NY fuel tax drops — a little

by E.J. McMahon |  | NY Torch

Gas-PumpThe impact of declining crude oil prices, already apparent at the gas pump, has now rippled through to New York State’s petroleum business tax (PBT).  Effective Jan. 1, the PBT on motor fuel has dropped by a whopping six-tenths of a penny, to 17.8 cents per gallon from 18.4 cents per gallon, according to the state Department of Taxation and Finance.

The PBT — largest element of combined state and local taxes averaging up to 50 cents per gallon of gasoline sold in New York — is linked to a 12-month average producer price index for refined petroleum products, which dropped by about 3 percent during the 12 months ending last August. Wholesale oil prices have dropped by much more than that—now hovering around $50 per barrel, less than half last summer’s peak.

The tax impact of big fluctuations in wholesale prices is muted by PBT’s reliance on a lagged price index–and by a statutory 5 percent limit on annual increases or decreases in the PBT, regardless of how much the price index changes.  This is the second consecutive annual decrease in the PBT, which  dropped last year by a smaller amount, from 18.6 to 18.4 cents.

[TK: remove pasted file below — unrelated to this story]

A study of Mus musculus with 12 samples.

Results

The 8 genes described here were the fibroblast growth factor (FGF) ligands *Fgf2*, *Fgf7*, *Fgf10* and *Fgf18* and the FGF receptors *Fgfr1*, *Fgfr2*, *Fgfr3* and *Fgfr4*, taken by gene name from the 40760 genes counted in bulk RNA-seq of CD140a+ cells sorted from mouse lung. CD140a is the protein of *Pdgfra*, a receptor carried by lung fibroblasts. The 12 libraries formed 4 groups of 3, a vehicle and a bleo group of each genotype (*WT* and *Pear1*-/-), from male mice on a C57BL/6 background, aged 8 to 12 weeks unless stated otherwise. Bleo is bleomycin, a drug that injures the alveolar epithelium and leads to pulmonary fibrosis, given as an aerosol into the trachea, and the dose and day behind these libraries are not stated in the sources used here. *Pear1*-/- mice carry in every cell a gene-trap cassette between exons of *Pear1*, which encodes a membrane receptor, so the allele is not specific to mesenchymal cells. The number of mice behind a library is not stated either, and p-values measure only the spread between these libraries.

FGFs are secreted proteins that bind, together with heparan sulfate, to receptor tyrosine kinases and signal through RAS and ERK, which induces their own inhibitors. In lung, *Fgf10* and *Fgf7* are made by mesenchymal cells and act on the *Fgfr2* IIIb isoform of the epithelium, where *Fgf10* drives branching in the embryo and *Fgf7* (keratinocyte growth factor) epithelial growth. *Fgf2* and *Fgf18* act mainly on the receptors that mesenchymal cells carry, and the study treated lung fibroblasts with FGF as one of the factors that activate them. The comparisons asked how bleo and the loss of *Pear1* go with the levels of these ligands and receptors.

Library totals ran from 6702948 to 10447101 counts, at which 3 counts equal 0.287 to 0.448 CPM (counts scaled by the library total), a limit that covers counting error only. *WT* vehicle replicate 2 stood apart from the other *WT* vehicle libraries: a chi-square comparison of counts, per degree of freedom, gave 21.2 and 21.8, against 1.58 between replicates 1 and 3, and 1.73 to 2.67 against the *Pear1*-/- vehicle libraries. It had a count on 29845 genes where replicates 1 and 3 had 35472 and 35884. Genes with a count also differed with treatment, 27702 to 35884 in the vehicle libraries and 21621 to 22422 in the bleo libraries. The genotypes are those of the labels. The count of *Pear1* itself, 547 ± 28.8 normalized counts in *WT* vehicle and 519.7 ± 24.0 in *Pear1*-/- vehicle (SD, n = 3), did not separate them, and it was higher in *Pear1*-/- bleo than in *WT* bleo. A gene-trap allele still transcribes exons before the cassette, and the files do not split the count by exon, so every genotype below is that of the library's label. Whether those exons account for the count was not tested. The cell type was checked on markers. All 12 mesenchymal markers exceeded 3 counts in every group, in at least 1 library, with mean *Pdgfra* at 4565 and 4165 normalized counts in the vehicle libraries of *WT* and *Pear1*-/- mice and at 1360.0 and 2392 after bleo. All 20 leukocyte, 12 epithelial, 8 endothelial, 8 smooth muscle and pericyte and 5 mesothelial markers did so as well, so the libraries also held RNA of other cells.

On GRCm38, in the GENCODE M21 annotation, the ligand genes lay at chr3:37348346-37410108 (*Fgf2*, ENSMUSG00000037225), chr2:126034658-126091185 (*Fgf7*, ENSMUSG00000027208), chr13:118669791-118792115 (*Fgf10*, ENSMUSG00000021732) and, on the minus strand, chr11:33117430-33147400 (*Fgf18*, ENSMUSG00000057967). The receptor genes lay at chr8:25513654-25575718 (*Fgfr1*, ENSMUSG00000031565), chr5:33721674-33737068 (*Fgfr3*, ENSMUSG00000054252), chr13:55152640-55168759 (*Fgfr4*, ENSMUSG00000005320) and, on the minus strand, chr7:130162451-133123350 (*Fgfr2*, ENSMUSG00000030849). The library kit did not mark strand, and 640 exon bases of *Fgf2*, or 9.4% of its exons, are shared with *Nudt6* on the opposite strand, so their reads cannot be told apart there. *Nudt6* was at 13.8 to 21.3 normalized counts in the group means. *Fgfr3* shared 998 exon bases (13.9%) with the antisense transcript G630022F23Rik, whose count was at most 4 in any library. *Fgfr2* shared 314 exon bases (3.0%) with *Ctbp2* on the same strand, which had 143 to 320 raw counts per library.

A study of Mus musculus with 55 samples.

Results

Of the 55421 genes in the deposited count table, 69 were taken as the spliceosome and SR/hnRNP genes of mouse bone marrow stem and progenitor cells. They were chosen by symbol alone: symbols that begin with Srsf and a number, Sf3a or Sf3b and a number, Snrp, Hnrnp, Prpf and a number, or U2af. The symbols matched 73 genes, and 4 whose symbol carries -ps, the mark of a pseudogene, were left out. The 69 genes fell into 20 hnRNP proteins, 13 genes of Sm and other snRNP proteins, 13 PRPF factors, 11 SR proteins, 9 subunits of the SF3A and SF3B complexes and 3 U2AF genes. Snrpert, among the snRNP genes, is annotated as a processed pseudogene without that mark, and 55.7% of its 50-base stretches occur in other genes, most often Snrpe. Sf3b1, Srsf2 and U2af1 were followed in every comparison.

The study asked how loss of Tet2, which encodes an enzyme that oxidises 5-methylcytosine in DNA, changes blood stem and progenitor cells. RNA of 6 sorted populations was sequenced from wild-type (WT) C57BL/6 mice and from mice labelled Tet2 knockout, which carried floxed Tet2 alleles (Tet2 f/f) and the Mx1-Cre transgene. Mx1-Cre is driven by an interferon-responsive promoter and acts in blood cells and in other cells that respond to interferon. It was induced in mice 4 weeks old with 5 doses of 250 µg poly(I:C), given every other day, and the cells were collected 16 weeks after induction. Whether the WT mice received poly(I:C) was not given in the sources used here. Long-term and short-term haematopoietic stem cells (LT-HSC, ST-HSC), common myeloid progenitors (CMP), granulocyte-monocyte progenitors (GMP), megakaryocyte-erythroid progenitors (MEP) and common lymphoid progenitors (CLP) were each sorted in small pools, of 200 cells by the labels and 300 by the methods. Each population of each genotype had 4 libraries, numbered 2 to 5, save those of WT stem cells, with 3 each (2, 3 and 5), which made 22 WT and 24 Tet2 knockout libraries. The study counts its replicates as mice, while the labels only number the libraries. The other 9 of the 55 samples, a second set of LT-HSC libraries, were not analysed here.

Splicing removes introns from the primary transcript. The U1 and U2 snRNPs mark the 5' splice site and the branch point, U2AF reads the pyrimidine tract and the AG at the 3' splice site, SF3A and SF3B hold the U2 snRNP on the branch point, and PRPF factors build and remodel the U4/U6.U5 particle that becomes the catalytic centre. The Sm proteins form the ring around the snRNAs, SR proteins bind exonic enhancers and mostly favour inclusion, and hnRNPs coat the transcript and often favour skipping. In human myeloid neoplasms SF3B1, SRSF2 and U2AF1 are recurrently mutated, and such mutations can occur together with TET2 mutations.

If you drive 10,000 miles a year and average 20 miles a gallon, the latest tax decrease will save you a grand total of $3 in the coming year.

As of last October, New York’s average total tax on gasoline was highest in the nation, as calculated by the American Petroleum Institute. Of the nearly $1.2 billion in dedicated transportation funds the PBT will generate in the current fiscal year, $520 million is being funneled to mass transit, and more than three-quarters of what’s left will be diverted to pay debt service on bonds and to underwrite the operating expenses of the state Department of Transportation and the Department of Motor Vehicles. That leaves not much for pay-as-you-go investment in capital construction, which was the state’s justification for expanding the PBT and creating the dedicated fund in 1991. Highway and bridge conditions are … not great.

The bottom line: New York motorists pay a premium, but don’t get a premium return.